FAQ for Counselors

As of May 1, 2022, the Compact has been enacted in 10 states (Alabama, Florida, Georgia, Kentucky, Maine, Maryland, Mississippi, Nebraska, Utah and West Virginia), and the legislation is pending in 11 others (Colorado, Delaware, Indiana, Iowa, Louisiana, Minnesota, Missouri, New Hampshire, North Carolina Ohio, and Tennessee). If your state is not listed, legislation has not been introduced there.

For more details and the most up-to-date information, see: https://counselingcompact.org/map/. If your state has not yet introduced legislation, contacting your state legislators is the first step. See below for how to help with this process.

If your state is listed as “not enacted” on the map, this means the bill was introduced during your state’s 2022 legislative session but did not pass. Your state may introduce the bill and try to pass it next year.

Because the legislative process is unpredictable, it is impossible to guarantee a Compact bill will be introduced or enacted in a particular state. When bills are introduced or enacted, the website map is updated promptly, so you may refer to that page for up-to-date information.

If you would like to advocate for the Compact in your state, please contact your state legislators, the state chapter of your national membership organization or your state board. The more people who advocate for the Compact, the more likely it is to be enacted, so encourage your colleagues to reach out as well!

After 10 states have enacted Compact legislation, member states will establish the governing structure to oversee implementation. After this process is completed, which may take 12-18 months, states will be able to issue Compact privileges.

The Compact is in effect only in states that have enacted the Compact.

For you to practice in other states through the Compact, your home state and the state in which you wish to practice must be Compact members. If this is not the case, the best way for you to practice in a state is through approval via the individual state’s single-state license.

The Counseling Compact is for Licensed Professional Counselors (LPCs) only and does not cover licensed marriage and family therapists (LMFTs), licensed clinical social workers (LCSWs) or psychologists. Compacts are created for specific professions. Because each of these types of providers are their own distinct profession, they need separate compacts.

If your state does not sure the title LPC, but you are a counselor who can independently diagnose, assess, and treat, then you will be able to participate in the compact.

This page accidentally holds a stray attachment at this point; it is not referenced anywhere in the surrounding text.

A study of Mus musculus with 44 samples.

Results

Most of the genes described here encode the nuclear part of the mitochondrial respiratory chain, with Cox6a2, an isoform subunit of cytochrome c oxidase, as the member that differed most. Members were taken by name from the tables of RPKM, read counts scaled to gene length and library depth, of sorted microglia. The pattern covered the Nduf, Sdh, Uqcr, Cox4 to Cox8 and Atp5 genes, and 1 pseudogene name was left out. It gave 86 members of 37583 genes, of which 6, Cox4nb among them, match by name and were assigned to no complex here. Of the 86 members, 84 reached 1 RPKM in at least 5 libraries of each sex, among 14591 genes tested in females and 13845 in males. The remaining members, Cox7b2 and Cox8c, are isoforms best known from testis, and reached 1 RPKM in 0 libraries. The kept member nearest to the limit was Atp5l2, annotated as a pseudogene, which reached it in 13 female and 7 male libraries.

There is a compact for psychologists (https://psypact.site-ym.com/) and there is a compact being developed for social workers (https://compacts.csg.org/compact-updates/social-work/).

Unfortunately, there is not a compact for LMFTs. If you are an LMFT interested in advocating for a compact for marriage and family therapists, please contact your national membership association.

You are able to participate in the Compact if you received a license under previous licensing requirements. The licensing requirements in the Compact ensure all member states have the same requirements for individuals entering the profession.

For you to practice in other states through the Compact, your home state and the state in which you wish to practice must be Compact members. If this is not the case, the best way for you to practice in other states is through approval via the individual state’s licensing process.

The Compact will become active once 10 states have enacted Compact legislation. After 10 states have enacted Compact legislation, member states will establish the governing structure to oversee implementation. After this process is completed, which may take 12-18 months, states will be able to issue Compact privileges.

At that point, licensed professionals will be able to apply for the privilege to practice in other states.

The cost of a Compact privilege is set by each state. Once states are ready to issue privileges, more information on the exact cost of a privilege for that state will be available.

A Compact license is granted by your home state. A privilege to practice is granted by other Compact member states after your home state has approved your Compact license.

Practitioners only need to complete CEUs for their home state. Practitioners do need to complete jurisprudence examinations in each state where they want to apply for a privilege to practice.

Send an email to compacts@csg.org or use the submission form on this page to let us know you would like to be added to our quarterly mailing list.